Kevin Paredes/Photo Editor Tom’s Coffee, Cards and Gifts on Main Street in Binghamton offered customers a 20 percent discount on Small Business Saturday, Nov. 25.

What can you get at Tom’s Coffee, Cards and Gifts on Main Street? Coffee beans, handmade pottery and a 20 percent discount on Small Business Saturday.

On Nov. 25, Tom’s and other local vendors took part in the day, a post-Thanksgiving tradition founded by American Express in 2010. Since 1982, Tom’s Coffee, Cards and Gifts has been a staple of the Binghamton community. According to owner Tom Kelleher, he’s advocated for supporting small businesses since before the official day to do so was created.

“We really just want to support the community,” Kelleher said. “When you buy within the area, the money goes back to people here.”

More than 100 people visited Tom’s on Saturday, which is much more than a typical weekend, Kelleher said. All customers who mentioned Small Business Saturday, or its “Shop local” slogan, received the discount.

At the Broome County Regional Farmers Market in Binghamton, the first 50 attendees received complimentary tote bags before shopping from more than 30 local vendors. Vendors at the farmers market included Binghamton Brewing Co., a local craft beer business, and Infiniti Greens, a startup launched by Joseph Rigoroso, a BU senior majoring in business administration.

At the DoubleTree by Hilton Hotel on Water Street, more than 20 local vendors, including LuLaRoe, a company that sells women’s clothing, set up stations in the main ballroom. While vendors sold products from 10 a.m. to noon, the hotel provided warm chocolate chip cookies and coffee for customers.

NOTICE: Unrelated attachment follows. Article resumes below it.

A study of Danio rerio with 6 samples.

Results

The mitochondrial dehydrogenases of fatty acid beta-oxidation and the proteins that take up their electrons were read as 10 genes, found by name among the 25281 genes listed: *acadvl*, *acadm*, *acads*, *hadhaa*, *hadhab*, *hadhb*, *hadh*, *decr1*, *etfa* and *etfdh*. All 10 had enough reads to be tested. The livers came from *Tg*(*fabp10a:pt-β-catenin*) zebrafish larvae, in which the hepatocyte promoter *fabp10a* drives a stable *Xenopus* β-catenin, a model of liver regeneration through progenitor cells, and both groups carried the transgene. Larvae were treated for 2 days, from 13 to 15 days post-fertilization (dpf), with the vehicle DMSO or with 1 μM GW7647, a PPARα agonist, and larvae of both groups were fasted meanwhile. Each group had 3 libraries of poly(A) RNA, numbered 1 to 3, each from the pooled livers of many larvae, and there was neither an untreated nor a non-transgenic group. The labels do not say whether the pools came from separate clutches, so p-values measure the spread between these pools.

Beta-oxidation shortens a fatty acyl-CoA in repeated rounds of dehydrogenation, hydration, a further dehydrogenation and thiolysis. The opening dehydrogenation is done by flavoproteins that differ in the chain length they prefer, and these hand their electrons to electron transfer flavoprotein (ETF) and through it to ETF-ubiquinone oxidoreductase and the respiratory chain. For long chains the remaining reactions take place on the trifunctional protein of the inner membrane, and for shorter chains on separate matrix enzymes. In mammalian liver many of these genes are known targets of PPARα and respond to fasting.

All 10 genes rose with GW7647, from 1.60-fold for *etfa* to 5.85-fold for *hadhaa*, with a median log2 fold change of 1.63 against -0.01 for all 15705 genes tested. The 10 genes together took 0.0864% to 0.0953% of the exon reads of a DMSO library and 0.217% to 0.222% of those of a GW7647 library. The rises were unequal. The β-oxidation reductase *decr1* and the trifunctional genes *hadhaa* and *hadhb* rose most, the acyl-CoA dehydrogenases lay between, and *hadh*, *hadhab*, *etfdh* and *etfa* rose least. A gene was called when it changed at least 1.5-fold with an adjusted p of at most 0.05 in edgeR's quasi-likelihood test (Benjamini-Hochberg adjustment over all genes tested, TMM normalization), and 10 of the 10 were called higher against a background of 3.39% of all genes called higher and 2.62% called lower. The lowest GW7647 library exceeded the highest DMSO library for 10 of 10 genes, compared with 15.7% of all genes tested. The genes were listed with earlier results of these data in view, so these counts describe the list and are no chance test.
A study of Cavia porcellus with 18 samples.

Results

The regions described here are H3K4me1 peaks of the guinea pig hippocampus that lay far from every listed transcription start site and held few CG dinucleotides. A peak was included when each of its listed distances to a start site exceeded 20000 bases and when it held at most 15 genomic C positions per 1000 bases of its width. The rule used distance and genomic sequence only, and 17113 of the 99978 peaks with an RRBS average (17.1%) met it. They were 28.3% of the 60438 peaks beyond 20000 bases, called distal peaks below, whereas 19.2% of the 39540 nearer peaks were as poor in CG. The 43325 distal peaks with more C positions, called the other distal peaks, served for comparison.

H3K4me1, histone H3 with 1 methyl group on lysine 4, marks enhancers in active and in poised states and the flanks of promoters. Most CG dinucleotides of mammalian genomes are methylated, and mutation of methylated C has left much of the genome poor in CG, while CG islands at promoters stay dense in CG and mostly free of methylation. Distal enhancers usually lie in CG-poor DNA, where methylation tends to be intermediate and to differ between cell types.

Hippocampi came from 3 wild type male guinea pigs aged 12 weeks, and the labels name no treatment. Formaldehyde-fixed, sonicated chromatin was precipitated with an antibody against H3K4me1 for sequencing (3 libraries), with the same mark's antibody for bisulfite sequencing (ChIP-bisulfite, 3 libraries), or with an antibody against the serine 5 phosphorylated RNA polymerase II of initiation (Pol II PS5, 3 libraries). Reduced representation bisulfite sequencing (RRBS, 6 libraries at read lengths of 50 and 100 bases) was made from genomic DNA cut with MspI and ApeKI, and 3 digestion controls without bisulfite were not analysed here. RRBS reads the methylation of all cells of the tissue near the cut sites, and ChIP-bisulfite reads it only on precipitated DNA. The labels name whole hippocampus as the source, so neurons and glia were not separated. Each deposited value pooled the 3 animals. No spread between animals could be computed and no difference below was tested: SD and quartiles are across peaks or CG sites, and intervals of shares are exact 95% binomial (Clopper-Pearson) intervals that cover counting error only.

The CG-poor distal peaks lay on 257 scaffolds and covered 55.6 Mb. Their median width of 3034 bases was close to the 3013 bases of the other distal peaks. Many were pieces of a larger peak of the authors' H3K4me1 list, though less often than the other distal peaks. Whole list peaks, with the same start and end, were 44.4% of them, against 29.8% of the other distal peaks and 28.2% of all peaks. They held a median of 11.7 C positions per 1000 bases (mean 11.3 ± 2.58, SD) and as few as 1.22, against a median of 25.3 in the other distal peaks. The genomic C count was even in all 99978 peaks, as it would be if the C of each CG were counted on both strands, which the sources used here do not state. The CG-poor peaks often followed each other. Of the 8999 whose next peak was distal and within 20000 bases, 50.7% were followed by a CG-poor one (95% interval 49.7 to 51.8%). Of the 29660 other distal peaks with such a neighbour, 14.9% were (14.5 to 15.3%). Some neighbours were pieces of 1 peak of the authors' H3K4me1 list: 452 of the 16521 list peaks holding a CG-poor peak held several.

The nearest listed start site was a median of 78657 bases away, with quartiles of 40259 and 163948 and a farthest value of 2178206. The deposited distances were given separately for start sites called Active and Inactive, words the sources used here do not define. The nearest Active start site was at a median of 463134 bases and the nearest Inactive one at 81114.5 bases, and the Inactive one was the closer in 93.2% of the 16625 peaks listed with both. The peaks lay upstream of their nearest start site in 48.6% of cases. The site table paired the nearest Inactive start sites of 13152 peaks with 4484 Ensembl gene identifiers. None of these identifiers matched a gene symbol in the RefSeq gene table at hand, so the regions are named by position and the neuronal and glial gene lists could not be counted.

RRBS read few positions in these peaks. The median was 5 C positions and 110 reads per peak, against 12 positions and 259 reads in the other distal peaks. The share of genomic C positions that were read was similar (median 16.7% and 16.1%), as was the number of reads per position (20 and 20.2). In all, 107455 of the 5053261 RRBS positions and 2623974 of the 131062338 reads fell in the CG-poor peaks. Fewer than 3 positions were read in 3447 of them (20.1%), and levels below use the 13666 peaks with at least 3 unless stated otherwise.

Broome County Executive Jason Garnar tweeted his support of local businesses on Saturday.

“I want to see our local economy do as well as it can,” Garnar tweeted. “Small businesses are the life of our community.”

Not all businesses saw a spike in customers, though. Places like Buffy’s Burritos on Washington Street, which rely heavily on student traffic, missed out since most students left the area for Thanksgiving break. Buffy’s Burritos even decided to close early, at 5 p.m.

New York’s Empire State Development, the Department of Labor, Department of Taxation and Finance and Department of Agriculture and Markets all endorsed the initiative and encouraged state residents to support the economy by purchasing goods from local stores. Richard Ball, commissioner for the Department of Agriculture and Markets, said customers who shop small can often find unique, one-of-a-kind items.

“From Buffalo to Long Island, innovative food and beverage producers are creating delicious products that you can’t find anywhere else,” Ball said in a press release. “They make great gifts and buying local helps spur the regional economy.”

Howard Zemsky, president and CEO of Empire State Development, said in a press release that the organization encourages residents to shop locally. Between 2014 and 2015, the Southern Tier’s gross regional product decreased by 4.4 percent, or nearly $1.3 billion in economic activity.

“Small businesses employ more than half of New York’s private-sector workforce and are the backbone of our economy,” Zemsky said. “We encourage New Yorkers to come out and support our small businesses on Saturday, and every day, in order to boost local economies and strengthen communities across the state.”